A recent interview with Megumi Tanoue, found the owner of Tanoue Dental Clinic in Kumamoto Prefecture already at work at 7 a.m. Tanoue's early hours are necessary to keep up with his work, as there is a steady stream of patients visiting his clinic throughout the day.

News photoMegumi Tanoue, the ?owner of Tanoue Dental Clinic JAPAN TIMES

Putting in time before and after office hours, he is often busy working on his patients' dentures. "I need to work as fast as possible because they cannot live without their dentures," said Tanoue.

Since his late father-in-law was also a denture expert, Tanoue was able to practice making, adjusting and polishing dentures with his father-in-law while he was a student at Fukuoka Dental College.

During his college years, he used to travel more than 100 km from Fukuoka to his hometown of Kumamoto to work with his father-in-law to gain extracurricular experience.

When his father-in-law fell ill and was hospitalized before he died four years ago, Tanoue took time from his busy schedule to study internal medicine, hoping that he could help in taking care of his father-in-law.

He said that the knowledge has also given him different perspectives when he treats his patients. "I really owe my father-in-law a lot," he said.

He pointed out the importance of gum condition when it comes to dentures. "You have to keep your gums healthy, firm and free of infection to be able to comfortably wear dentures," he said.

To help raise people's awareness on preventative dental and oral care, Tanoue has also been the school dentist at Nishikigaoka Junior High School in Kumamoto for 27 years.

"My main job as a school dentist is to conduct regular dental exams on over 900 students at the school. In recent years, however, I have been putting more time and effort into preventative care," he said.

He gives lessons on dental and oral health, while teaching a Swedish plaque control method that is said to be more effective than regular brushing.

Tanoue also tries to make his clinic as cozy and welcoming as possible for all generations. As part of the creation of a friendly atmosphere, he received approval to use Kumamon, Kumamoto Prefecture's popular mascot, at his clinic and on his website.

"Although using the Kumamon mascot is free, the screening process is complicated and time-consuming. I wanted to use it because it is unique to our home prefecture and is loved by people from all across Japan, not just residents of Kumamoto," he said.

"Keeping your mouth healthy as a whole is as important as having cavities treated. You want your bones and gums to be strong enough to hold dentures should the need arise," he said. Having a comfortable clinic that is pleasant to visit helps patients maintain a regular checkup schedule.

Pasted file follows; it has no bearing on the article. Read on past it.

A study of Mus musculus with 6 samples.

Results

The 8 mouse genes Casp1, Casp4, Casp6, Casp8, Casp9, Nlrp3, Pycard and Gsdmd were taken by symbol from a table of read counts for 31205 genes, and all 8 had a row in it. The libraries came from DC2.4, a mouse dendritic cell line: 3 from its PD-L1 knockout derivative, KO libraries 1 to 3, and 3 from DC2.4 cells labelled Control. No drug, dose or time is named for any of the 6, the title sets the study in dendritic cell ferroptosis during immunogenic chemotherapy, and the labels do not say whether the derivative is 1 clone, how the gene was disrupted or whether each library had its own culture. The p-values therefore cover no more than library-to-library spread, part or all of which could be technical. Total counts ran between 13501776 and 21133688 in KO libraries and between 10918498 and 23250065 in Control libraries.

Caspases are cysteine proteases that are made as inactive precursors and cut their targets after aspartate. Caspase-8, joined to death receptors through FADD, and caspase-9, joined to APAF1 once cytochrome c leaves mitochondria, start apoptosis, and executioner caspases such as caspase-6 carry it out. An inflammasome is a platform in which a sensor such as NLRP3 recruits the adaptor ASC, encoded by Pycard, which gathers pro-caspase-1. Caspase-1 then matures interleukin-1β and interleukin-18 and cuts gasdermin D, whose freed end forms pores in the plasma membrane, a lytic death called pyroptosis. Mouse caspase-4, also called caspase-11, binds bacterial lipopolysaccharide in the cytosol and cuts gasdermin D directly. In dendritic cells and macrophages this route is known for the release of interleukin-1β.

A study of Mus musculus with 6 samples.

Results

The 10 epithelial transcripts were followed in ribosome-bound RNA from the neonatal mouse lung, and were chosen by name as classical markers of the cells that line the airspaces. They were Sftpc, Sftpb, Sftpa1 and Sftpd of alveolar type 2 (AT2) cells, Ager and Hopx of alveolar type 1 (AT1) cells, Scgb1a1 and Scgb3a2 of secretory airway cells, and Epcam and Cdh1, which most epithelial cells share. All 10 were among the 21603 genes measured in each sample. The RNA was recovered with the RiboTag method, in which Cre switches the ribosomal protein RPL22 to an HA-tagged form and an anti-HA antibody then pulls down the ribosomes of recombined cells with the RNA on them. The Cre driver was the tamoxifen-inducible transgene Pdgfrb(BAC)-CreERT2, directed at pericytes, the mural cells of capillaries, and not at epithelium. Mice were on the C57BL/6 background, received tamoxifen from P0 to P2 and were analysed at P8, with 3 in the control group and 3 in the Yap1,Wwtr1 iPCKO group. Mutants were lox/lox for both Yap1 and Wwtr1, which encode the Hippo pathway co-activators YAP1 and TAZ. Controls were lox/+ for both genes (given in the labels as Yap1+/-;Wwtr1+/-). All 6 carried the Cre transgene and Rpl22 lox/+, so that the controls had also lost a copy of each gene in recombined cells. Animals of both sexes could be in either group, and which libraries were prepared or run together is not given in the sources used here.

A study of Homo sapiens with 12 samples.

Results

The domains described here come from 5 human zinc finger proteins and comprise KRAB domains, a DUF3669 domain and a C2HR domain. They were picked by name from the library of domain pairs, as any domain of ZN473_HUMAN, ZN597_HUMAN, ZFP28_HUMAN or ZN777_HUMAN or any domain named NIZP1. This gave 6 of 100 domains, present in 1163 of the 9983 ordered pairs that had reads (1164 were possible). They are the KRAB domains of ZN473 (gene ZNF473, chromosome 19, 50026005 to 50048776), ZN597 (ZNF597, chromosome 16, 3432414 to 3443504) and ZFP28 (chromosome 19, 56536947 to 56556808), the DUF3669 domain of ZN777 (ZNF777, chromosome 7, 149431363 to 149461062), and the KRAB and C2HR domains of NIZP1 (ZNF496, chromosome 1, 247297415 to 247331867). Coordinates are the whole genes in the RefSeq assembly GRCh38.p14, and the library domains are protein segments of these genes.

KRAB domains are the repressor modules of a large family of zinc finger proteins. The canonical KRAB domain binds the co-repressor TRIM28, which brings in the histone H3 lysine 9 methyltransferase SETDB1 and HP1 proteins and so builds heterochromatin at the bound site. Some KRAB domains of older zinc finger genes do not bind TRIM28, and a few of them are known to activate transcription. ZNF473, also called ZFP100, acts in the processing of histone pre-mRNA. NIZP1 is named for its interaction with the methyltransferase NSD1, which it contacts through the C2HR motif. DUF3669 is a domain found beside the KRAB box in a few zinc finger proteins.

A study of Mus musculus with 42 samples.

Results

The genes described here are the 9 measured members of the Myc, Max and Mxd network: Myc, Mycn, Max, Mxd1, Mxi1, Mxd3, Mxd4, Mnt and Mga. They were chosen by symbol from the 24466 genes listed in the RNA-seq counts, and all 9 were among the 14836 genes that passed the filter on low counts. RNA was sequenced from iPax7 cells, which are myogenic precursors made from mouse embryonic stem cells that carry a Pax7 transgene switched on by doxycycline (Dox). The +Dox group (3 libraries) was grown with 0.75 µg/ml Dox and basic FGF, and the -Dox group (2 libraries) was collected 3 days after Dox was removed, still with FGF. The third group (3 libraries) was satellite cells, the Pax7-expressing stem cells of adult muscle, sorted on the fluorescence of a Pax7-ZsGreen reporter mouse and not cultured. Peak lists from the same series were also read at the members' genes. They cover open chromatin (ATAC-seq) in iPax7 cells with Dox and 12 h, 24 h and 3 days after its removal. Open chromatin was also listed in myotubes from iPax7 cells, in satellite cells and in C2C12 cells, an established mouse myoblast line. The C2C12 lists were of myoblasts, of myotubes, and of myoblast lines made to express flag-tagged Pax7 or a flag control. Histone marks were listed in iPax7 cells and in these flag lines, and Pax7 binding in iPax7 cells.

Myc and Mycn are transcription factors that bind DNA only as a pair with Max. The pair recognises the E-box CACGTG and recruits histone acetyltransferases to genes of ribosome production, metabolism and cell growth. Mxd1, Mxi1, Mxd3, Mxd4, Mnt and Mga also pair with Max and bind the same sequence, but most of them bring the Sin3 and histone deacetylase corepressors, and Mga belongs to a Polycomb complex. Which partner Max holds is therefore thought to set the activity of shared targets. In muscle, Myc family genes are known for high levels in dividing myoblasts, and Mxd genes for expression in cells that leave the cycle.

Kumamoto Prefecture was struck by a series of severe earthquakes in 2016. Several strong earthquakes struck Kumamoto on April 14 and 16, killing 50 people and injuring about 3,000 others.

Tanoue's house, which was 46 years old at the time, was one of the many buildings that suffered damage. However, he reopened his clinic after only a week when water and electricity services resumed.

"The gas was still off, but I could do without gas at the clinic. What was most important was to make myself available for those in need," he said.

He also rushed to the junior high school where he works as a school dentist, speaking to people who had taken shelter there and offer his services had any of them required oral care.

Disaster areas have multiple risk factors that can lead to infection, such as sanitation problems, lack of water and increased stress. In response to this, Tanoue collected toothbrushes, toothpaste and mouthwash through the prefectural dental association and delivered boxes of them to the school.

Later in 2016, he received a letter of appreciation from the Japan Dental Association for his efforts to help the disaster victims.

He also won the Dental 100 Award 2016, an award that is given to 100 dental clinics selected by the Japan Practice Consultants Association from across Japan. Tanoue Dental Clinic was the only clinic in Kumamoto Prefecture to make the list.

"I was glad that I could help the people, and I thought that growing with the community is very important," he said.

In addition to raising awareness about preventative oral care, he is currently studying teeth whitening and crowns made of porcelain, ceramic or zirconia in response to rising interest in aesthetic dentistry.

This series has been prepared in collaboration with Enjin Co., which produces and operates a video website specializing in profiles of up-and-coming Japanese entrepreneurs.